SYDNEY — The government has finally caved in to a three-year industry campaign and extended the 12.5% tax rebate given to feature films to TV series that spend at least A$15 million ($11.2 million) in Oz.
The measure was introduced in the federal budget presented to parliament Tuesday night, which also had good news for the Australian Broadcasting Corp. but no help for the struggling film sector.
Execs estimate Australia has lost several hundred million dollars worth of TV production since TV series were excluded when the incentive was introduced in 2001.
The rebate for series will kick in as soon as legislation is passed by parliament, probably in the next two weeks, a spokesman for Arts Minister Rod Kemp said. But it won’t apply to bundled telepics, which in aggregate spend the same amount, despite the industry’s urgings.
“We applaud the government for extending the rebate and hope that producers of TV series will now consider coming to Australia,” said Trisha Rothkrans, chief exec of Ausfilm, the government/industry body that markets Oz as a production destination.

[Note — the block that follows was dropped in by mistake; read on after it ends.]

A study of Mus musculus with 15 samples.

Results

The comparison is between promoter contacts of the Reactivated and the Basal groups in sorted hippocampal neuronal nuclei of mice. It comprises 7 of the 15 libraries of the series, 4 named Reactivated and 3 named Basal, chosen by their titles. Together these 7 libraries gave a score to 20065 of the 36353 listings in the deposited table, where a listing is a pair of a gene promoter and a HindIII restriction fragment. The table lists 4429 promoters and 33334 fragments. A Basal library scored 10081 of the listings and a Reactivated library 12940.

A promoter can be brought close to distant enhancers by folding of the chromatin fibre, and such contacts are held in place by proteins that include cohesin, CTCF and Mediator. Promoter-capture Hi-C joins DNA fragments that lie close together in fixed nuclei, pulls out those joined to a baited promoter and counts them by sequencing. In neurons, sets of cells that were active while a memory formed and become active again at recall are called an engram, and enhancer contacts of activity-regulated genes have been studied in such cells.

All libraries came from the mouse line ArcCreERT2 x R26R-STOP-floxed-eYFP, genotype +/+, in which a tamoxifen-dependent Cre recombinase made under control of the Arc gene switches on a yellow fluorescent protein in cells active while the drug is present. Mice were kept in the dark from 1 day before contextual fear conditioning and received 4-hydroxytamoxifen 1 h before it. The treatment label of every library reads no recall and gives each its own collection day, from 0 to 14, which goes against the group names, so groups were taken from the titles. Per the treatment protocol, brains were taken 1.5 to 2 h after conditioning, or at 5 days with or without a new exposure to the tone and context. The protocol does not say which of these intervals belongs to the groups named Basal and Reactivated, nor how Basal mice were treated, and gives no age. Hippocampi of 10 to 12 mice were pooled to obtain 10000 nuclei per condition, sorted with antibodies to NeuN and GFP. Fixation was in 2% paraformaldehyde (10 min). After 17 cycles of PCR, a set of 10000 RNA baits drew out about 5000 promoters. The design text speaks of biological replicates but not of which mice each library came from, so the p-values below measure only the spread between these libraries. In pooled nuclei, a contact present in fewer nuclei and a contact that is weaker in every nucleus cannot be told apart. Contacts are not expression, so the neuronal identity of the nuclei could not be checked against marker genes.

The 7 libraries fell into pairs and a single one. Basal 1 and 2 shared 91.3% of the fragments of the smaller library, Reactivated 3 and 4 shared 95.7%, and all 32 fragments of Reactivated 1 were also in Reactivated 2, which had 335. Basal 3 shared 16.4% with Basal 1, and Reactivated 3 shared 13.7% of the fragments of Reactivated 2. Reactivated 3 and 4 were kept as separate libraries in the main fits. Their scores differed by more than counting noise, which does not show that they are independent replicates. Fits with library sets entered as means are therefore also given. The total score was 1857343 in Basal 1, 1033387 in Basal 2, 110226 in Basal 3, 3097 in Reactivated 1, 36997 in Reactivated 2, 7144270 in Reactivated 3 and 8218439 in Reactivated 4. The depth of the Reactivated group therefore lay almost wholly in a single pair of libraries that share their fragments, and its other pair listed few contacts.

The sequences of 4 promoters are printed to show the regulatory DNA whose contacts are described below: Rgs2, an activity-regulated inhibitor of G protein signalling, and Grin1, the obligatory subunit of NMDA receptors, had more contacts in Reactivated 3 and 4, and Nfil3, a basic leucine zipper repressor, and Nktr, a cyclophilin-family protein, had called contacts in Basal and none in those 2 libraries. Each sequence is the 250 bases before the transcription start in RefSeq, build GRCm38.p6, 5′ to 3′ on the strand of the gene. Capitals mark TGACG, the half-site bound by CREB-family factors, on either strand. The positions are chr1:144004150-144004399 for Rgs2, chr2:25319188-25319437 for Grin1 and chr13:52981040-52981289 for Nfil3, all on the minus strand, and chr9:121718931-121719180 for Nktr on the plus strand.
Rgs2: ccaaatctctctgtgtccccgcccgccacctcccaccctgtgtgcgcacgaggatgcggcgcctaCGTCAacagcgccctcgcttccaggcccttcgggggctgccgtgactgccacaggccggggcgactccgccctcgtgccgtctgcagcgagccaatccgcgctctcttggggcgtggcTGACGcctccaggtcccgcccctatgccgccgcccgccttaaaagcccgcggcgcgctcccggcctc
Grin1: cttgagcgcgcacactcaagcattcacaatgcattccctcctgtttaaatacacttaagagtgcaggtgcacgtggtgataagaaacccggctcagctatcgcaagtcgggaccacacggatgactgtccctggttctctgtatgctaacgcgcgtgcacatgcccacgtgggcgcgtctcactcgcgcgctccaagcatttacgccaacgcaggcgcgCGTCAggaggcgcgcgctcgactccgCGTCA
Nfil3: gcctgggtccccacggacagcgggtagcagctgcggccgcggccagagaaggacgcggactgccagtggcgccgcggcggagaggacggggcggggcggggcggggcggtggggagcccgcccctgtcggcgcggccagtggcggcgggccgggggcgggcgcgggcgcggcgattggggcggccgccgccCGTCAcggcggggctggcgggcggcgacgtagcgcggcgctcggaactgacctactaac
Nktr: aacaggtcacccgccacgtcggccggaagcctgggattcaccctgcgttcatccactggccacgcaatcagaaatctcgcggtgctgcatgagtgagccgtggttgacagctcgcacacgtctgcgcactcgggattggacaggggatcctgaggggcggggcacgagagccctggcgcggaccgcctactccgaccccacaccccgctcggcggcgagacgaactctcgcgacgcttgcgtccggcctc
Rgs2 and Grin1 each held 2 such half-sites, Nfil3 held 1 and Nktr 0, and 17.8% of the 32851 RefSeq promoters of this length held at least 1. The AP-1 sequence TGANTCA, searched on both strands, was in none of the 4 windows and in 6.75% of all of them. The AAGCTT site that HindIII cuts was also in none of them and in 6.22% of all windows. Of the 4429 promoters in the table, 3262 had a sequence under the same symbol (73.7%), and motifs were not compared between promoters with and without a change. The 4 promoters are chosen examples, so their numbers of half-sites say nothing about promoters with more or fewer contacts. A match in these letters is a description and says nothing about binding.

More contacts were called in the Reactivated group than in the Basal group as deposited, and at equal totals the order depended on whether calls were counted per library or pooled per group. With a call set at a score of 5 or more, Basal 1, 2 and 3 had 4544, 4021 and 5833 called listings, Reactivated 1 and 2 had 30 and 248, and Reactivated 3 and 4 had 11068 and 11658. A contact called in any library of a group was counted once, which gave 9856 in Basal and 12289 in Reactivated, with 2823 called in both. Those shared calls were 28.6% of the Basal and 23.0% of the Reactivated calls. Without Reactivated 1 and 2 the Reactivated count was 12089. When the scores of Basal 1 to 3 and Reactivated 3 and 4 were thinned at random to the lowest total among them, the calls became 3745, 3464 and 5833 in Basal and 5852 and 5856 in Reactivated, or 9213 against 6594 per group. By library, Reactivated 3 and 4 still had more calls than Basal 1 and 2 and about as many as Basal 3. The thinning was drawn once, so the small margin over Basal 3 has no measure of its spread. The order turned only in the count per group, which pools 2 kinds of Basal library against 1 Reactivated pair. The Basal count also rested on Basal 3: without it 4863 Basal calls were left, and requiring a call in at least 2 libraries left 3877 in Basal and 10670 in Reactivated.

Pubcaster ABC was given an extra $3.1 million per year to cover the increased cost of acquiring TV programs, and about $13.5 million annually to continue delivering new programs and services in regional areas.
The budget did not allocate more funds for the Film Finance Corp. or the Australian Film Commission. But execs are hopeful the government will offer measures to boost the film industry before the national elections at the end of this year.
“We still have a bid in to the government for extra money,” said FFC chief exec Brian Rosen.
The budget confirmed the government’s intention to merge the regulatory Australian Broadcasting Authority with the Australian Communications Authority. The resulting entity, the Australian Communications and Media Authority, will take effect from July 2005.